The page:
My name is Osa Atoe. Iā€™m from the Virginia suburbs of Washington, DC and I lived in Portland, Oregon and Oakland, California before settling in Louisiana. I started taking community pottery classes in 2013 when I was living in New Orleans, quickly became obsessed with the medium and made a small at-home studio for myself in the spring of 2015. I had my pottery wheel in the kitchen and a small Skutt KM-818 in a shed in the backyard. A year later, I moved to Baton Rouge, Louisiana with my husband and two dogs. Since we have more space here, I was able to expand my studio setup. I also completed a one-year post-baccalaureate program for ceramics at Louisiana State University in May 2018. My bachelor's degree is in Sociology with a minor in Women's Studies and I've always been a musician playing in various punk rock bands, so discovering pottery changed the course of my life. Presently, Pottery by Osa is a one-woman operation, making sales online via my Etsy shop and in person at craft shows in Louisiana and Texas.


As a transplant to Louisiana, who has been living here for a decade, my aesthetic is one that comes more from an internal sense of self than the external influences of Southern culture. I wish to express a multiculturalism and a human universality through my work--perhaps a reflection of my upbringing in the Washington, DC area. There, I grew up the child of Nigerian immigrants, surrounded by other immigrants from all over the world. My understanding of American culture is that it diverse and the result of an amalgamation of varied ethnic and cultural legacies. Because my family is from Nigerian, I think people are inclined to tie the aesthetics of my pottery to my cultural heritage, but I prefer to see my pottery as a reflection of the cultural exchange that comprises the core identity of the U.S. I talk more about this in the video below.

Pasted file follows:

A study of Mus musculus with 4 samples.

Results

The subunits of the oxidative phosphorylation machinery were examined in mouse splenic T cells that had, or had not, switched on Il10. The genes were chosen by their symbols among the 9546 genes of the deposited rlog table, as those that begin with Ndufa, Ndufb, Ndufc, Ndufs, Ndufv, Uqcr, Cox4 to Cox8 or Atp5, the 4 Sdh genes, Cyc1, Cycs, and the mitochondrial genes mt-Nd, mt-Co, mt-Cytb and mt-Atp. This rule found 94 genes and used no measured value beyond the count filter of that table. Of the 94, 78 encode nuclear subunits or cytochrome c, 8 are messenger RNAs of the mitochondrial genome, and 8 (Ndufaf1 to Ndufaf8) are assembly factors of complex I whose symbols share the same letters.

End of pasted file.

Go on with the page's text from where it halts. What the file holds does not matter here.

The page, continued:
I use red stoneware clay (people often refer to it as terracotta) and often leave portions of my pots unglazed, decorated with carved and stamped geometric designs to hint at prehistoric or primitive ceramics. The patterns are simple and universal, as similar designs can be found on the bodies of ancient pots from all over the world. Some of my surfaces are inspired by the aged and weathered surfaces we observe in everyday life such as worn paint or oxidized metals. Despite these references to the past and the passage of time, my goal is to make work that fits into modern domestic environments. I wish for my work to be used daily rather than set aside for special occasions.

Tanner Short interviewed me for his anthropology class, African Diaspora, at Louisiana State University in the Fall of 2016. I show my process and we discuss whether my pottery helps to preserve "African culture."